THAKSIN, WHERE ARE YOU?
Foreign Minister Kasit Piromya warned Cambodia yesterday that bilateral ties could be adversely affected if ousted premier Thaksin Shinawatra is allowed to launch political attacks from that country.
He said the Ministry of Foreign Affairs was trying to verify reports that Thaksin was spotted in Cambodia.
“If Cambodia loves Thaksin that much, the ties with Thailand will certainly have problems,” said Kasit.
Thaksin, who has been convicted in a corruption case, has made nightly speeches through a video link-up from overseas to his supporters gathering outside Government House. Democrat Party figure Theptai Senapong claimed he was informed that Thaksin was seen in Cambodia recently.
The foreign minister said yesterday that he had invited diplomats from various countries – including those from Latin America, the Middle East and Africa – for a meeting tomorrow when he would explain to them the Thai justice process regarding Thaksin’s cases. He also would ask countries without an extradition treaty with Thailand to send back Thaksin voluntarily to face legal action.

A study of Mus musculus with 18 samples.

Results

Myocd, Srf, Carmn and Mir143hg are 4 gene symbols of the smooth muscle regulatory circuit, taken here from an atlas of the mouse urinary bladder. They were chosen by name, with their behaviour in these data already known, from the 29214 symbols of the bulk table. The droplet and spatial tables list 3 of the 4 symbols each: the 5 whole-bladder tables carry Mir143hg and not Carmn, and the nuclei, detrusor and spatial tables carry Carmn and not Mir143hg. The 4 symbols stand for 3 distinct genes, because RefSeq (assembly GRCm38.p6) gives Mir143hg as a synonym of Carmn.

Kasit said Thailand has informed countries with no extradition treaties with Thailand about Thaksin’ status and “how he has created a crisis for the country”. These states include Dubai, Bahrain and the United Arab Emirates.
“Many countries have responded by not allowing Thaksin to use their territory in launching his attacks against Thailand,” Kasit said.
Kasit was speaking at the Democrat Party headquarters while attending the celebration of the 63rd anniversary of the country’s oldest political party.
Meanwhile, Prime Minister Abhisit Vejjajiva yesterday said he expected to discuss with his Cambodian counterpart Hun Sen the border dispute between the two countries.
By The Nation
Published on April 7, 2009
Foreign Minister Kasit Piromya says he is uneasy that certain governments have allowed Thaksin Shinawatra to use their countries to attack Thailand.
Mr Kasit did not name them, but said yesterday Thai envoys in countries which do not have extradition treaties with Thailand had informed their host governments of the former prime minister’s status and of how he had stirred up a political crisis at home.